If you’ve ever been in Boston on the last day of August or the first day of September, you’ve probably wished that you never left home. August 31st and September 1st are, by far, the two worst days of the year to be in Boston; everyone is moving. There are more moving trucks, vans and trailers on the streets than cars and the vast majority of them are double-parked with flashers on. In fact, it almost seems like a competition to see who can block the most traffic without causing an accident (usually). The craziest part is that the vast majority are moving to a place that is less than a mile away from their current residence. That’s right. We Bostonians willingly pack up and move across the street on a yearly basis.
To an outsider, we must seem insane; why would anyone want to put themselves through the trouble of packing and unpacking so frequently? To be fair, it is every bit as terrible as you probably imagine. You spend hours getting your life into boxes only to unpack it all a day later.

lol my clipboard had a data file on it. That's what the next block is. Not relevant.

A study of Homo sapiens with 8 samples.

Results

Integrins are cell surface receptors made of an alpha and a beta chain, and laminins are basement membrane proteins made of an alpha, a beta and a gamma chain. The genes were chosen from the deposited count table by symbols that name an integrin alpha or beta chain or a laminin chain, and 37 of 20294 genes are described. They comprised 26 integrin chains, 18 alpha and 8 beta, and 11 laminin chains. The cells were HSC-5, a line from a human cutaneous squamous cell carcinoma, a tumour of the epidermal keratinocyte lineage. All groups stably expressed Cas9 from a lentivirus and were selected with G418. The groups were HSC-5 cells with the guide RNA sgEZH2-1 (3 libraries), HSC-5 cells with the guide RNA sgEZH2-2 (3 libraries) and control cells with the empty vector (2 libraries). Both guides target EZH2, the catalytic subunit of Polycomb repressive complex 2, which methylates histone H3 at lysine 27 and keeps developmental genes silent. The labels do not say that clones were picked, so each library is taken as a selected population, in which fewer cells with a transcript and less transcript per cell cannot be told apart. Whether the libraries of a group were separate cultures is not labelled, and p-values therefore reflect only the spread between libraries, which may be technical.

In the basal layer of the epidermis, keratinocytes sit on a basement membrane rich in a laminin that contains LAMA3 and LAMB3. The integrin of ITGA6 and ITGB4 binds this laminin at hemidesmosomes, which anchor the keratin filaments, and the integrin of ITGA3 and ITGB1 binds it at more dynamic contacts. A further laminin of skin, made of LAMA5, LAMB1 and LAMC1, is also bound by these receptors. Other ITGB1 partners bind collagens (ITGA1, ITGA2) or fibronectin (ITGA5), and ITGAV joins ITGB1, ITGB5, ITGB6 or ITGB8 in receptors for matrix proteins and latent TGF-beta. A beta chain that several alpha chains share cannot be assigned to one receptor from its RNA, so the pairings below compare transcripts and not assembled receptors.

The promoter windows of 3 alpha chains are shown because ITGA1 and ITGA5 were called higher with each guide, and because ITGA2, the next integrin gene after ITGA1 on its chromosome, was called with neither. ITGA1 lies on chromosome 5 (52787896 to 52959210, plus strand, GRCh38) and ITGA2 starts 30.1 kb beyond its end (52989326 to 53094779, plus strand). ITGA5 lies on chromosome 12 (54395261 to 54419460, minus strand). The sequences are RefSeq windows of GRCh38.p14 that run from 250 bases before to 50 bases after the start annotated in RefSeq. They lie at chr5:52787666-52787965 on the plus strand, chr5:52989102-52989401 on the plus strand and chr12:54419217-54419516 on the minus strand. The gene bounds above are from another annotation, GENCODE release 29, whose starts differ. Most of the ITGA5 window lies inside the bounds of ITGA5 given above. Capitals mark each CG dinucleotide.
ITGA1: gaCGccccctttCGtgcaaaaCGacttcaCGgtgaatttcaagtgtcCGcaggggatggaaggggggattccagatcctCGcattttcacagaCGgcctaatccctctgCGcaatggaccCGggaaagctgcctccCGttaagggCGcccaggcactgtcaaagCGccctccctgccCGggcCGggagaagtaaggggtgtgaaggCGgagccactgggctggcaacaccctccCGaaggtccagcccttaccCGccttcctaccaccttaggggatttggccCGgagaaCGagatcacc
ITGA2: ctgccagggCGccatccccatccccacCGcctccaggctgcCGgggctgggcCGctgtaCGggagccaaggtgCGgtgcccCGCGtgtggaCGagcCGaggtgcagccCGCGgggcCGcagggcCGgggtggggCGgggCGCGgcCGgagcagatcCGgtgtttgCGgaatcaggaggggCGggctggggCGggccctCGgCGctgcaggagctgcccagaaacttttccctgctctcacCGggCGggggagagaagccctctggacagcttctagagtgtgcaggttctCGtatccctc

Why do we do it? I think most of us, myself included, are excited by the idea of new surroundings, new people and a new room. It’s fun to settle into a new place and check out your new neighborhood. Plus, just when your new surroundings get old it’s time to move again. Of course, there is also something truly liberating about seeing everything you own and care about packed into a tiny U-Haul truck that you pray won’t fall apart on the five minute drive to your new place. It’s a great feeling to know that you’re not bogged down by a mountain of stuff, most of which you’ll never use.
For whatever reason, we as humans seem to be constantly collecting crap. Yes, crap. Things that we think we should hang on to just in case one day we might need it again. Things that, in all likelihood, will just sit somewhere in our home and collect dust. One thing I can say for sure about Bostonians is, that while we still accrue crap, we’ve created an efficient system for cleansing; move every year. If we don’t need it / it doesn’t fit in the truck it gets sold, donated or, in most cases, left on the side of the road. In fact if you’re in the market for a new bookshelf, TV, dresser, dining room table, couch or pretty much any piece of furniture or appliance, all you have to do is drive down any Boston street and have your pick of the litter. It’s amazing how fast stuff that’s on the streets on August 31st disappears.
I think we all need to give moving a break. Sure, it’s a pain, but the end result is more than worth it; just ask anyone who lives in Boston.